Posted by James Hammerton @ 10:29 pm on 27 April, 2006.
Categories privacy and surveillance, political liberties, democracy and the rule of law.

I note the following (in addition to the example TD discusses):

Carr asserts, for instance, that, “damaging GM crops is defined as a terrorist act”. Where is this idea from? Nowhere in terrorism legislation is damaging GM crop fields defined as a terrorist act.

Section 1 of the Terrorism Act 2000 defines terrorism in such a manner that causing serious damage to property to advance a political cause, and influence any government is an act of terrorism.

If you regard destroying fields of crops as “serious damage to property” (which could after all amount to thousands of pounds or more worth of damage) then it follows that anti-GM crop campaginers who engage in the destruction of such crops are causing serious damage to property, for a political cause, with the aim of influencing the government and are thus engaged in terrorism as the Terrorism Act 2000 defines it.

The National Identity Scheme is being introduced to safeguard people’s identities, not track their lifestyle or activities. The information that can be held on the National Identity Register covers only basic personal information roughly the same as that needed for a passport. It will not include details of withdrawals of cash from bank accounts, medical records or even whether someone has obtained a fishing licence.

This is patently false. Section 9 of Schedule 1 of the Identity Cards Act specifies that the information stored in your NIR entry should include information about every occasion on which information from the NIR entry is divulged to another person and every person to whom the information is divulged.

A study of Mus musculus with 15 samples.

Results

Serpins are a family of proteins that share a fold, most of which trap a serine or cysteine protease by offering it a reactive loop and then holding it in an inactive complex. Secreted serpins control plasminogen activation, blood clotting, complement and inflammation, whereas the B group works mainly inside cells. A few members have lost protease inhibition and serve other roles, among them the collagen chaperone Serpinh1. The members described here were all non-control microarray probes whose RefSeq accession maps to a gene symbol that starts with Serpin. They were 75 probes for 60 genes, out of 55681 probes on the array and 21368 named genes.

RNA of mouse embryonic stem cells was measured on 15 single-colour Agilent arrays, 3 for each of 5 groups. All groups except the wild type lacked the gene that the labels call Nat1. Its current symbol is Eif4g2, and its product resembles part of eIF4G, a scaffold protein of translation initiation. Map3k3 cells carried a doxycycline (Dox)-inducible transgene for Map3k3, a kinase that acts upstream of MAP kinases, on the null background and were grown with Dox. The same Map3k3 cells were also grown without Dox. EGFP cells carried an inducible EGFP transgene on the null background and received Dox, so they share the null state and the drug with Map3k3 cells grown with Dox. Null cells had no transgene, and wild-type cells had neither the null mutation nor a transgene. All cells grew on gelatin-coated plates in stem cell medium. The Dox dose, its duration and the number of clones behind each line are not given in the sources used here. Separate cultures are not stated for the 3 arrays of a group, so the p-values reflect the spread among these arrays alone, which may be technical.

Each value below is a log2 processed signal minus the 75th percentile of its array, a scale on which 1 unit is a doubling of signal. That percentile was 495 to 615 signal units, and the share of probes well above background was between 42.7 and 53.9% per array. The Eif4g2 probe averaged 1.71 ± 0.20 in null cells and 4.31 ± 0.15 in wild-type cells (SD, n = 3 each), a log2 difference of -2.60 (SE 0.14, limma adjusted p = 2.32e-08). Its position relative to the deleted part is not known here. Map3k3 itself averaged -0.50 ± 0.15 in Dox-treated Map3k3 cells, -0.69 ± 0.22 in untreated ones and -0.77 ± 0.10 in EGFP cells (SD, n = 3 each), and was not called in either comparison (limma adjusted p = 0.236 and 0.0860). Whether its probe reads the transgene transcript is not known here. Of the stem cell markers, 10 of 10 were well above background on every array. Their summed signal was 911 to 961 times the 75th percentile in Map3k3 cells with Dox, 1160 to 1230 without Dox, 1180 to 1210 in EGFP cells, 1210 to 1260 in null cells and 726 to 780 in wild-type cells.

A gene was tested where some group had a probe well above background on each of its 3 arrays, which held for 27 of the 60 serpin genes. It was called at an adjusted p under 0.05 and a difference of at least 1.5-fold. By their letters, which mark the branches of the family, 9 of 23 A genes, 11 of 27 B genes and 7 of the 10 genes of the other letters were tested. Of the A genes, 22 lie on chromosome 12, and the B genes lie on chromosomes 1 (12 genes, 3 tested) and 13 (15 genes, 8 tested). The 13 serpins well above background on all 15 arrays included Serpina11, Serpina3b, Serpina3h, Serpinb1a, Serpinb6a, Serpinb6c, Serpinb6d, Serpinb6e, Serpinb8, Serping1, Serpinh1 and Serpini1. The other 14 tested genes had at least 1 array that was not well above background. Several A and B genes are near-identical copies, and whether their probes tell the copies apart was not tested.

Thus if you register with, for example, a medical clinic and they are required to perform an identity check, then a record of that identity check and the fact that it was the clinic who made it will be stored in the NIR. The government wishes to make access to public services dependent on such identity checks.

Likewise if you go to the bank and carry out a high-value transaction and they check your identity, it will reveal the fact you had your identity checked by that bank to anyone with access to the NIR.

Our passport system currently simply does not record such information. Moreover, a future government could bring an area of life under surveillance by the simple expedient of running identity checks in that area. E.g. requiring identity checks at political protests or meetings would effectively enable the government to record who was at those meetings.

Quite clearly, the NIR will end up tracking people’s activities via the audit trail.

And let me conclude with one of the more ridiculous statements: “The presumption of innocence is no longer a fixed legal principal”. This is complete nonsense. In this country that you are innocent of an offence until proven guilty.'’

With this statement, Clarke neatly ignores the following laws this government has brought in (this is not an exhaustive list):

  • you need not be convicted of an offence to be placed under a control order, and thus you may be curfewed or even placed under full blown house arrest without a trial. The evidence and the accusations against you can be withheld from you thus scuppering your ability to defend yourself from such action.
  • several sections of the Terrorism Act 2000 reverse the burden of proof requiring people to prove their innocence in various matters, see here for details.
  • the Football (Disorder) Act 2000 allows travel banning orders, requiring people to hand in their passports to specified police station, to be imposed without proving they’ve committed an offence.

These are just a handful of the numerous examples of this government attacking civil liberties and pursuing authoritarian policies.

Chris Lightfoot has also made some pertinent comments on Clarke’s speech.